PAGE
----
Sunday, August 23, 2009

The Buzz about Lemon Queen, the Sunflower





The Lemon Queen -"The best bar in town."

The first of the Lemon Queen Sunflowers opened August 21st despite the cold and wet summer. Another followed the next day, a another dozen or so should be open this week. Actually, they grew pretty well; seeds planted along a back garden fence June 5 , sprouted four days later. Good for a cold wet summer.

The sunflower seeds were free from the Great Sunflower Project started by a San Francisco University biology professor, Gretchen LeBuhn. The project asks participants to become a “citizen scientist”. For about five minutes a week or so, citizen scientists are asked to count the number of bees and, if possible what species, which visit the sunflowers. Then record the data and submit it. There are over 65,000 citizen scientists in North America watching and counting.

Health and Food - We need the bees.

Bees and other pollinators are critical. In the US alone, bee activity contributes $15 billion in agricultural production.
And maybe the bees should be discussed in town hall meetings focused on health care.

“Of the top 150 prescription drugs used in the US, 118 originate from natural sources. 74 percent from plants, 18 percent from fungi, 5 percent from bacteria, and 3 percent from a species of snake! And, where did the ingredients from your lunch or dinner come from? One of every three bites you took probably came from a plant pollinated by wild pollinators. This is just the beginning of the list of the services provided by healthy, natural ecosystems," according to the Great Sunflower Project.

Here is the link for the Great Sunflower Project and this is a link to further information in an front page article from the San Francisco Chronicle.

The Lemon Queen Sunflower was chosen for the Great Sunflower Project because, "They are the best bar in town," according to LeBuhn. If no bees are noticed on the sunflowers, it indicates a problem with the population in that neighborhood.

Trouble in Bee World

Wild pollinators and the non-native honey bees are in trouble for a number of reasons and their populations have been dwindling at an alarming rate. But there are very few and limited studies about these valuable creatures. "we have to pay attention," LeBuhn told the Chronicle.

Some research, from Penn State and other universities, indicate the problems facing the pollinators are a combination of factors, including: lack of good native plants, loss of habitat, widespread use of killer pesticides, mites and other disease organisms.

Pollinator gardens are another very important way to help. A pollinator garden, useful in the vegetable garden or anywhere, is comprised of native plants and flowers which benefit the pollinators and bloom continuously throughout the season. This is a good time of the year to start a pollinator garden in most of garden Zone 5 in the US.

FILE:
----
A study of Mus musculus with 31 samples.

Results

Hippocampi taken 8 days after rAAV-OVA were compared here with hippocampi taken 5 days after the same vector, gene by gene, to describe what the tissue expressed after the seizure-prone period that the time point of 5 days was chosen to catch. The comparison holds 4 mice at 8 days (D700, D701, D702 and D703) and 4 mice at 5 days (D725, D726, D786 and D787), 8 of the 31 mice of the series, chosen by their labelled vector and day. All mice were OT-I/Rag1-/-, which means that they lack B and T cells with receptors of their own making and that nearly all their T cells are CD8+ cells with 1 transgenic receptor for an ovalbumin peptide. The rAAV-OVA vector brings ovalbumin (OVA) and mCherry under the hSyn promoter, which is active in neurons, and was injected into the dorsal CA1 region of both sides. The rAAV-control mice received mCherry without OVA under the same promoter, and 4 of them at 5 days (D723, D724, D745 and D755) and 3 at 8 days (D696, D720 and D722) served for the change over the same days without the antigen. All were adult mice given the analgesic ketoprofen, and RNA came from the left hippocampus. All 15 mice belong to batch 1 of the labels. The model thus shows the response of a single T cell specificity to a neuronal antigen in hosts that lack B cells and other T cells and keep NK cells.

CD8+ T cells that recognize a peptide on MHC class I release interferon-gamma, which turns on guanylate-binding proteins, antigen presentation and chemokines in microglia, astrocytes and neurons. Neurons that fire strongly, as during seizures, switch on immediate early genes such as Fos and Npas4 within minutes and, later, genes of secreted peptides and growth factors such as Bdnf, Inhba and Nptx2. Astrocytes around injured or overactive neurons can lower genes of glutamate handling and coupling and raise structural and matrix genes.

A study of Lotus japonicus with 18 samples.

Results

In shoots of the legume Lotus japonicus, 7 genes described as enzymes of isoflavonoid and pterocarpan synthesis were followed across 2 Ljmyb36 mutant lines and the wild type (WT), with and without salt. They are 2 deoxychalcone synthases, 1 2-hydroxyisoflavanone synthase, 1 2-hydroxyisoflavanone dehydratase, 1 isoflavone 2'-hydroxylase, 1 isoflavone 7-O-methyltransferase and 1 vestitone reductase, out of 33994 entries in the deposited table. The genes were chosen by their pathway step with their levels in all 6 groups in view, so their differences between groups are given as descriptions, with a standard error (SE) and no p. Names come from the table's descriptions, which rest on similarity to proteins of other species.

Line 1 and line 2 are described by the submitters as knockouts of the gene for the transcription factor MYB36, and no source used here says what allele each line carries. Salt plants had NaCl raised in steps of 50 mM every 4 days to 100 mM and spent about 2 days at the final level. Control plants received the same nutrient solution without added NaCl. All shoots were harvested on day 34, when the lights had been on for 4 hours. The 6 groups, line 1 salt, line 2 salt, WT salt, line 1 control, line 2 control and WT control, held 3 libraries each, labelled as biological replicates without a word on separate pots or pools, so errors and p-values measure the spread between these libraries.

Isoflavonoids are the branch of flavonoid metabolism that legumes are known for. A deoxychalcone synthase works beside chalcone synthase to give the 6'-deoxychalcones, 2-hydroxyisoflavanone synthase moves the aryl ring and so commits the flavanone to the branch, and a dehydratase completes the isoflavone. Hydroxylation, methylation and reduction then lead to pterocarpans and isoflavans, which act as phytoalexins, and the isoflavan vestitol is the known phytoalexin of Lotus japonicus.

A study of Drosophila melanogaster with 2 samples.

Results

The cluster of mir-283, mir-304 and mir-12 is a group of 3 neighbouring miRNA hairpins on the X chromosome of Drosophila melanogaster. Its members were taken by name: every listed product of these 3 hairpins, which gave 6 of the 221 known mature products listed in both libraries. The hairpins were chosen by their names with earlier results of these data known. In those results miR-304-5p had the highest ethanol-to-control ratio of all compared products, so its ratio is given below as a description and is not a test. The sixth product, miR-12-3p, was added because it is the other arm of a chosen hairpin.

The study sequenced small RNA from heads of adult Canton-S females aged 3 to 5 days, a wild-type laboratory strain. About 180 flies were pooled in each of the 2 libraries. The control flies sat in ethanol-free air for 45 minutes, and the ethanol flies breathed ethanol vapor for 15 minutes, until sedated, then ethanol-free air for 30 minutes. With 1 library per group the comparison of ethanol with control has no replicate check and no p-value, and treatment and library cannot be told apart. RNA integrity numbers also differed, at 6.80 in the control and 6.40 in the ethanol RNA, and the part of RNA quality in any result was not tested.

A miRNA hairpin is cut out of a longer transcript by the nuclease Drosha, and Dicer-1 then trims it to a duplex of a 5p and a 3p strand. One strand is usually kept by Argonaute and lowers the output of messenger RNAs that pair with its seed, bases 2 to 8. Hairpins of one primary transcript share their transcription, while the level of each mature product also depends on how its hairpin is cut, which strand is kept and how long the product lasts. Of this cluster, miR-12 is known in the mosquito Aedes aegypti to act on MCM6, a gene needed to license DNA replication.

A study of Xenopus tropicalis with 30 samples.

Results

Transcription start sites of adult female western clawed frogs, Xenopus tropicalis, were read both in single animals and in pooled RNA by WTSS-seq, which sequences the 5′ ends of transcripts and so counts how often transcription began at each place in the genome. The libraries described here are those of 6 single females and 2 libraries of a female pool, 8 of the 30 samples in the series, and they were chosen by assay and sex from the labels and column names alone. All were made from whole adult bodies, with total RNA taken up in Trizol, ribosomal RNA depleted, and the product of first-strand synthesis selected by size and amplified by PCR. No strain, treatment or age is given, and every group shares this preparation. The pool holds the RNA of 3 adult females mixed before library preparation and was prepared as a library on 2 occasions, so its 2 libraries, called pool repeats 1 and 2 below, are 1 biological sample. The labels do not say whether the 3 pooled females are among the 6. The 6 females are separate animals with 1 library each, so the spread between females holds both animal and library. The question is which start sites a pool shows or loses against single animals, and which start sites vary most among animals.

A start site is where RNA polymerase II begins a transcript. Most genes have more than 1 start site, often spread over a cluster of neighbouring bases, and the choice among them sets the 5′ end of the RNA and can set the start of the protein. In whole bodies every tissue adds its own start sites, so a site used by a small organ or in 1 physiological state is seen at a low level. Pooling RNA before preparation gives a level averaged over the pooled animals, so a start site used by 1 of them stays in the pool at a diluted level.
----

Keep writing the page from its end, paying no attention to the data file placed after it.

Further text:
Independent Book Stores : Click the ad to link up Independent book stores in your area. How about a book on pollinators?
Shop Indie Bookstores

Grange News

Nominations for the Ag Hall of Fame and the Ag Industrial for Crawford County are due by September 10. The names should be submitted to either Chester Tau or Susan Tau. Both awards recognize outstanding achievements in agriculture. The award program is organized by the Grange but involves all agricultural organizations in the county. Awards will be presented at the annual banquet in November. For more information, contact the Ag Extension Office in Meadville at 814-333-7460.

For the Heck of It:

August 26th is National Dog Day, at least get some treats for the dog.
And this is cool, while trying to figure out my latitude and longitude for the Sunflower Project I came across this Web site. Enter your address and you get it.
Get ready the next Full Moon is September 4, the Full Corn Moon.

From the Sunflower Project:...the value of pollination services from wild pollinators in the U.S. alone is estimated at four to six billion dollars per year. While these ecosystem services are currently produced for “free”, replacing the natural ecosystem would cost many trillions of dollars. Unless human activities are carefully planned and managed, valuable ecosystems will continue to be impaired or destroyed.

Good Blogs to Read:

Vincent di Fondi- Vincent just published his first novel, Blessed Abduction, available through the link above. Or check his blog to learn more about the novel and his new home in Costa Rica.

On Your Way to the Top – Kathleen always has good insights

New York's Southern Tier – A travel destination in nearby New York by Richardson

Urban Veggie Blog – Dan is located in nearby Ontario and is a good gardener.

Other articles I have written for Helium can be found by clicking the title; others can be found below in the box at HubPages.